This review first appeared on Fourth & Sycamore.
Mary Karr is the unassuming master of the modern memoir. Her three offerings–1995’s The Liar’s Club, 2005’s Cherry, and 2009’s Lit–are adored by readers and were roundly praised by critics. Her writing is sensual but serious, funny but heartbreaking, unsparingly honest. Her life has been unique but not spectacularly so; her memoirs soar on Karr’s ability to take us deep inside a lived human life, making the (relatively) common remarkable and the remarkable accessible.
In addition to writing Karr has been teaching the craft at Syracuse University for three decades. It only makes sense she would choose to combine her two vocations and write a book about memoir writing. The Art of Memoir is likely to become the definitive text on the topic. Karr’s book is practical, funny, humble, and at time even inspiring. Karr discusses the spirit behind memoir writing, providing overarching perspective on what the form can accomplish, but the largest part of the book (and its real worth) is in the hands-on guidance she provides for those seeking to become better writers of memoir. Too many books on writing are compendiums of inspirational aphorisms, tickling the egos of nascent writers and then leaving them with no more pragmatic knowledge than they had when they started. Karr knows the hard work memoir writing demands and gives helpful guidance for embarking on the journey of getting your story down on paper.
Karr’s instruction covers every stage of the writing process, from conception of an idea and the painful stages of finding voice and structure to the daily work of getting started from a dead stop, describing a scene, keeping voice consistent. She addresses how to write about people who might not come off in the best light on the page, and how to make sure you aren’t always the one who does–“All the good lines can’t be the memoirist’s.” (page 38).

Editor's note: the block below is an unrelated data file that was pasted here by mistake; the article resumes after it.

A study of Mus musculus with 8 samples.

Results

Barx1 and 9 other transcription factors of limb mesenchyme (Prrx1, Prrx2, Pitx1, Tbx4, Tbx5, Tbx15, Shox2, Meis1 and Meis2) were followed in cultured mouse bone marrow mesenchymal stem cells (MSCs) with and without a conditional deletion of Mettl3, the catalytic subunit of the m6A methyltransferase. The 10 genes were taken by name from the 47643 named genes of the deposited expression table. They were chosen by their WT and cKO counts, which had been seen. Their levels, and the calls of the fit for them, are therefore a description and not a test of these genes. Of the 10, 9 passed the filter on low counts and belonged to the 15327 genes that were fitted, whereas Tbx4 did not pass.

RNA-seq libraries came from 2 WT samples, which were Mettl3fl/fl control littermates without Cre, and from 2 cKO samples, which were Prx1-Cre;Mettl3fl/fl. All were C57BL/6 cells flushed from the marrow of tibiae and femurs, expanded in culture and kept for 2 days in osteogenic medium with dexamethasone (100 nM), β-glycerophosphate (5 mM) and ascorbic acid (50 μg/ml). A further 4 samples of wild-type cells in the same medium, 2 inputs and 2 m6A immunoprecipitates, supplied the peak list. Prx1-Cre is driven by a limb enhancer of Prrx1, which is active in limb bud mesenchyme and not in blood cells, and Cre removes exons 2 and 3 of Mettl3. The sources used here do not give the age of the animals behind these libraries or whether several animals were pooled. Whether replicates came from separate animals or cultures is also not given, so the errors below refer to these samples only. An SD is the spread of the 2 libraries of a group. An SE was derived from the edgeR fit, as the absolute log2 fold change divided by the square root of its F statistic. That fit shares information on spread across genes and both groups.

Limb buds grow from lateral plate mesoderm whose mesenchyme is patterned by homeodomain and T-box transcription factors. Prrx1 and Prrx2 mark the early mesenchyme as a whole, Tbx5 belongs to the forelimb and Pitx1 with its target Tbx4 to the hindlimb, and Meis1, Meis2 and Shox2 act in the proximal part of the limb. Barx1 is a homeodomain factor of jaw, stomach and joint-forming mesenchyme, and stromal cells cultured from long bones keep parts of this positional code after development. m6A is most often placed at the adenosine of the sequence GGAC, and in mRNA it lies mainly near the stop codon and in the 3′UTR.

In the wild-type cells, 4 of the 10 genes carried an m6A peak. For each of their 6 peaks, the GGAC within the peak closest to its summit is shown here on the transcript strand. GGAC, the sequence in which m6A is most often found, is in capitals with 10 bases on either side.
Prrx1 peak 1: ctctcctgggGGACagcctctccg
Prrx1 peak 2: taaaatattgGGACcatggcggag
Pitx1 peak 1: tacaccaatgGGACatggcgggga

“Usually the big story seems simple: ‘They were assholes, I was a saint.’ If you look at it ruthlessly, you may find the story was more like: ‘I richly provoked them, and they became assholes;’ or, ‘They were mostly assholes, but could be a lot of fun to be with;’ or, ‘They were so sick and sad, they couldn’t help being assholes, the poor bastards;’ or, ‘We took turns being assholes.’… (I always joke with students that everything I’ve ever written started out: ‘I am sad. The end. By Mary Karr.’)” – page 148
She hammers home the insistence that above all memoir must be true, it must be honest, it must be lived experience. The memoirist cannot spare herself, cannot spare those around her, cannot decorate with invention and convenient lies. If you want to tell something other than what really happened, write fiction. Memoir is for truth-telling.
“No matter how self-aware you are, memoir wrenches at your insides precisely because it makes you battle with your very self–your neat analyses and tidy excuses. One not-really-a-joke saying in my family is, ‘The trouble started when you hit me back.’ Your small pieties and impenetrable, mostly unconscious poses invariably trip you up.” – page xxi
Karr analyzes some of the masterful memoirs she’s taught over the years, and breaks down what makes them so effective. She is not above the catharsis of a list now and then either, providing easy-to-remember tips for writers in the trudge of daily writing. Far from being an aloof and superior master to her apprentices, Karr is honest about her process, her failures, her insecurities, her shortcoming, her strengths (“I am not much of a writer, but I am a stubborn little bulldog of a reviser.” – page 215). In The Art of Memoir we are given the gift of sitting in a class Mary Karr has been teaching for thirty years. This book amounts to the syllabus representing the condensed and collected knowledge from one of the masters of the art of writing memoir. If you’re a writer, you won’t want to miss this one.